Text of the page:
Pro Football Hall of Fame running back Tony Dorsett had his brain scanned and evaluated at UCLA recently because he’d been experiencing symptoms like memory loss and depression that made him worried about the cumulative effect “that has come about because of playing football.”
Similar complaints led Hall of Fame guard Joe DeLamielleure and former defensive end Leonard Marshall to take similar tests and the players and doctors told ESPN’s Outside the Lines that tests have found signs of chronic traumatic encephalopathy in the brains of all three men. CTE is a degenerative brain condition that has been found in the brains of many former football players and has been linked by some to the head trauma that those players experienced on the football field.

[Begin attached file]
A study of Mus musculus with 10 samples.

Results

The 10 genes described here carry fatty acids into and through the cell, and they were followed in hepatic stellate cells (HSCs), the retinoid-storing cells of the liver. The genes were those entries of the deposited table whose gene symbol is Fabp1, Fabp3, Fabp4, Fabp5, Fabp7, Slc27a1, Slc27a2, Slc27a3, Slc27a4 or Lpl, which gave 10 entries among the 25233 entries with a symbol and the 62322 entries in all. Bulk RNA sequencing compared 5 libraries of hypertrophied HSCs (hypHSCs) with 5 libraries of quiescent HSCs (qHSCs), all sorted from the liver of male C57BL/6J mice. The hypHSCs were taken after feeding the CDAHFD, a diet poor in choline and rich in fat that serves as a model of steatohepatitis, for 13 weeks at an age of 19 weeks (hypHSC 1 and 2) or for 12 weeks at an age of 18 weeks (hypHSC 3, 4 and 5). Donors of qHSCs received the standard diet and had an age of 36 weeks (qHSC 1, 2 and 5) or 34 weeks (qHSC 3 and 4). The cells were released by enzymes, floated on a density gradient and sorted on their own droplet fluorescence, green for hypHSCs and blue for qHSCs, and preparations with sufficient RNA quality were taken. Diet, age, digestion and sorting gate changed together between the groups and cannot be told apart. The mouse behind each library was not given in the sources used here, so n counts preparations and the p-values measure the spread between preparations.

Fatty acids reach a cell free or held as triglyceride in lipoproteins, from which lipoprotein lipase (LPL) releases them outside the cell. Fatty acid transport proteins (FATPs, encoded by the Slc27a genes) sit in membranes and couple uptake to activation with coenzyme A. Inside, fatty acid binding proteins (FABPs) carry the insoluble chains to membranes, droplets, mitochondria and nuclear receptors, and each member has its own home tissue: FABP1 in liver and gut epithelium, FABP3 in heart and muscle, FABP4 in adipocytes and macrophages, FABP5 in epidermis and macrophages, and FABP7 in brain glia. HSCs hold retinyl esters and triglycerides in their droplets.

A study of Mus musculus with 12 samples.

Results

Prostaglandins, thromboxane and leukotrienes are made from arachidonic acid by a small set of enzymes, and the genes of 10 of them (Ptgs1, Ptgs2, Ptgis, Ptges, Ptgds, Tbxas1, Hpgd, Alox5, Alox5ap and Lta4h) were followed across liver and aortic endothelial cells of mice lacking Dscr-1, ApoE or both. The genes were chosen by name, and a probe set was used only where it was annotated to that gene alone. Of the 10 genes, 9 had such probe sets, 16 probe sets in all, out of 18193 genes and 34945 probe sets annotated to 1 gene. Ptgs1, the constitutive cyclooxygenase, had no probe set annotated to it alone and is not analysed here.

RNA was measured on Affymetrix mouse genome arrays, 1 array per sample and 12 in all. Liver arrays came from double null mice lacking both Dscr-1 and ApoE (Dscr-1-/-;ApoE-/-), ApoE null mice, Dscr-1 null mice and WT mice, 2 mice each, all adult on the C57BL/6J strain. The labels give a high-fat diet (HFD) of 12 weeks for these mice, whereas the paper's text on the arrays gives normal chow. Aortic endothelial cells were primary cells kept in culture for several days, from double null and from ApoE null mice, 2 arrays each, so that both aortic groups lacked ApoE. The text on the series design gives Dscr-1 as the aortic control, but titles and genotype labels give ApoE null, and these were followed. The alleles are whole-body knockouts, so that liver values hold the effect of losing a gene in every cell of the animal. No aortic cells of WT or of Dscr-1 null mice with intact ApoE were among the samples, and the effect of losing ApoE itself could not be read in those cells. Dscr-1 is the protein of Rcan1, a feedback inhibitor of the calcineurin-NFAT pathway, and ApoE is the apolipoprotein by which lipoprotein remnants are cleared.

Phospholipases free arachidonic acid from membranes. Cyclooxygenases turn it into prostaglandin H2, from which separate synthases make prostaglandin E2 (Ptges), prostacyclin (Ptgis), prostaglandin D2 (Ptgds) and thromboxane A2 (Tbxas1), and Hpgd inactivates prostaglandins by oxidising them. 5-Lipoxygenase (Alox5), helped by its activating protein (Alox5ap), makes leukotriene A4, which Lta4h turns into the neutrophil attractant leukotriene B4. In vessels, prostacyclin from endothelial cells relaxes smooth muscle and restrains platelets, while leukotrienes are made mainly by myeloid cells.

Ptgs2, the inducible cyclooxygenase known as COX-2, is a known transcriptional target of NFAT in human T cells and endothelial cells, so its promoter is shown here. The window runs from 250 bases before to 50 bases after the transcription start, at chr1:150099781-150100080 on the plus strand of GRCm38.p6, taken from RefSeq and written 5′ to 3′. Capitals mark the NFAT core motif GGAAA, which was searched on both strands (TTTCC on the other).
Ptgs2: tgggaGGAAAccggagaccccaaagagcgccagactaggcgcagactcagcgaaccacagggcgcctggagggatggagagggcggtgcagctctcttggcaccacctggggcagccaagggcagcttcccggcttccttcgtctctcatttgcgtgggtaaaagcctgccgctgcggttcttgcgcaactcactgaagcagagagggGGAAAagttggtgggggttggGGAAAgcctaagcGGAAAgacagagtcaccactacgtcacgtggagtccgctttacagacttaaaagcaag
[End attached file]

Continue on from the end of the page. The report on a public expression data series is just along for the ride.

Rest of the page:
All three players, who were plantiffs in the concussion lawsuit against the league, described similar symptoms in regard to memory loss and erratic behaviors and said they hoped that the diagnosis and the work of researchers would lead to treatment that will lead to better days ahead. Dorsett said he gets lost taking his daughters to their activities and talked openly about the deterioration he’s felt in his quality of life.
“It’s painful, man, for my daughters to say they’re scared of me. It’s painful,” Dorsett said. “I’ve thought about crazy stuff, sort of like, ‘Why do I need to continue going through this? I’m too smart of a person, I like to think, to take my life, but it’s crossed my mind.”
There is no cure for CTE, but researchers are hopeful that the newly discovered cases will help them make progress toward treatment in the future because finding evidence of the disease in living people gives them opportunities to find out which approaches might provide the most relief.